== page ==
Nonetheless, Dobbs didn't want to recount his years as an international correspondent for ABC in a dry or didactic manner. "I don't think there's a chapter where there isn't a funny, or at least a bizarre, story," he maintains. "The book's about the funny, funky, scary, stupid, dangerous, distasteful, unwise and unbelievable things journalists experience just getting to the point of reporting a story."
The offering's anecdotes span the years between the early '70s, when Dobbs covered the occupation of Wounded Knee, to the early '90s -- and locations include Afghanistan, Egypt, Northern Ireland and Poland during the rise of Solidarity. Along the way, Dobbs got into plenty of life-threatening scrapes, as when a gang of men wielding machetes chased after him in revolution-era Iran, or a meeting with a former CIA spook-turned-arms dealer or his representative -- he never found out for sure -- who was dragged away by "a couple of big studs" during a meeting at a coffee shop, never to be seen again.
Despite the risks, Dobbs lived for such experiences. "Everyone else who's watching my work, they're up in the balcony, and they've got to put on their glasses and strain to hear," he says. "But I've got a front-row seat."
After moving on from ABC, Dobbs put down roots in Colorado and tried his hand at a number of different media gigs, including talk-show host for the defunct station KNRC. These days, however, he continues to travel the globe as a correspondent for World Report, a program on HDNet, which has a large part of its operation based in Denver. For details, check out this 2006 Message column, featuring an interview with the service's biggest name, CBS expat Dan Rather, and the net's owner, Mark Cuban, who foots the bill for Dobbs' travels; Switzerland and Vietnam are among his recent stops.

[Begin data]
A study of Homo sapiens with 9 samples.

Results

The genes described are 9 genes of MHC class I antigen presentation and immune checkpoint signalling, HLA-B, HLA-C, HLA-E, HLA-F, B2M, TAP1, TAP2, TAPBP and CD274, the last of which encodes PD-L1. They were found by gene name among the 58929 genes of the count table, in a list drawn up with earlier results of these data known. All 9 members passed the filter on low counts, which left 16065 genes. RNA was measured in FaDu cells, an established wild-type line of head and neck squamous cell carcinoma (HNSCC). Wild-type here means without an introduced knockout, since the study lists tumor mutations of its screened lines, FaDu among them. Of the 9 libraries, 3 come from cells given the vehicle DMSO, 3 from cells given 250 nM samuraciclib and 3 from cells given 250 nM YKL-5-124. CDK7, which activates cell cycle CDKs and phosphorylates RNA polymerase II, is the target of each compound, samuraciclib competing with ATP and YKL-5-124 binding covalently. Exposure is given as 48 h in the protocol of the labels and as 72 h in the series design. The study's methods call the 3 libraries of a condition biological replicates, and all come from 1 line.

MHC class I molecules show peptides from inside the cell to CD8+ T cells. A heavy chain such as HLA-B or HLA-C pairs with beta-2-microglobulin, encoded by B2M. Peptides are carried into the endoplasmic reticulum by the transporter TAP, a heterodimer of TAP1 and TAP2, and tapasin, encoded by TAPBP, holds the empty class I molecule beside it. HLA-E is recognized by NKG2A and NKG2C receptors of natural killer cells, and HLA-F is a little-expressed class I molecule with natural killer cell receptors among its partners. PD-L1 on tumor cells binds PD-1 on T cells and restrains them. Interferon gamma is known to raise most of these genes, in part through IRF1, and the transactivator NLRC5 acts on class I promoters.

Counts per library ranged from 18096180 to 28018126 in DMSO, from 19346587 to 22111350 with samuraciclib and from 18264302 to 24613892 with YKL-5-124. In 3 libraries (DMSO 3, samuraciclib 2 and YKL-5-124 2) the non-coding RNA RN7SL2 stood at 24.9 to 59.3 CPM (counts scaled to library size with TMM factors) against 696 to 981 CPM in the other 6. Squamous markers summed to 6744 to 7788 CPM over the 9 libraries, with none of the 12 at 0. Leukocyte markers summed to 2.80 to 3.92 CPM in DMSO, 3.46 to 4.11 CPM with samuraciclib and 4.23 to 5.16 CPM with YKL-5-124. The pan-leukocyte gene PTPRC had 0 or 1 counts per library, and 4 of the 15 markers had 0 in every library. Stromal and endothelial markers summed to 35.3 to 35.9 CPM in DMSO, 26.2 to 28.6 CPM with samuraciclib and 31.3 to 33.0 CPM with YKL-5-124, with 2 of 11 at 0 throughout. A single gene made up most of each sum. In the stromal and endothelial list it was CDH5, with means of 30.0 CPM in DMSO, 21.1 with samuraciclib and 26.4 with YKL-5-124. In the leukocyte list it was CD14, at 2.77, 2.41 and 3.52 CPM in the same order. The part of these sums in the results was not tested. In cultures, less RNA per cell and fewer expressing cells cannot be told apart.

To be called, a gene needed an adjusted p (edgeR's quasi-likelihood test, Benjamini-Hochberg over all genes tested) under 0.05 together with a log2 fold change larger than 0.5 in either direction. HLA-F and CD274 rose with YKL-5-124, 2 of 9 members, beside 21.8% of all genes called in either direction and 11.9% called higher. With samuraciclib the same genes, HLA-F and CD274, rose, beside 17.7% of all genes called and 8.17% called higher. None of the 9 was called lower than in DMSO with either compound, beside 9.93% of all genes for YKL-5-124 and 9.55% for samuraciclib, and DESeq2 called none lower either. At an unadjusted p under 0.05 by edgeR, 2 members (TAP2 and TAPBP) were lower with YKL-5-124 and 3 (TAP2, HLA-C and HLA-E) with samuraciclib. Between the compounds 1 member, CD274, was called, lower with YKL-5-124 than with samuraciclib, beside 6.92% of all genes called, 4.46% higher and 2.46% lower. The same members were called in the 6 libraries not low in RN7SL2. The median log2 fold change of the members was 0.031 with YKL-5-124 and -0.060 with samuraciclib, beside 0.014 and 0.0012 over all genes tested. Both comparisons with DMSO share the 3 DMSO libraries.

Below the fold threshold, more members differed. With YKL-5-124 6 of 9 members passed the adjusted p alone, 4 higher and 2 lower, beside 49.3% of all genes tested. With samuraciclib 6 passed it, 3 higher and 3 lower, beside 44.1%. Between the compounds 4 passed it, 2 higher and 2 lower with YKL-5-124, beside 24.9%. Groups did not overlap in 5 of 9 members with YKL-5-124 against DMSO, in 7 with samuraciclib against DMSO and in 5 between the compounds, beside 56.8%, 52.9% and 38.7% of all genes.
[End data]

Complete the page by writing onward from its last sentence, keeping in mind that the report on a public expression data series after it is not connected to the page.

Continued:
World Report "doesn't have the audience that 60 Minutes has," Dobbs concedes. "But Mark Cuban has said that he thinks our show is very important -- that it's important to have things like our show on TV."
Thanks to Cuban's largesse, Dobbs is one of the few TV reporters who gets to tell engage in long-form storytelling; his World Report segments can fill twenty minutes. He feels fortunate to have the opportunity -- but he's always been lucky. If he weren't, Life in the Wrong Lane would have been published posthumously.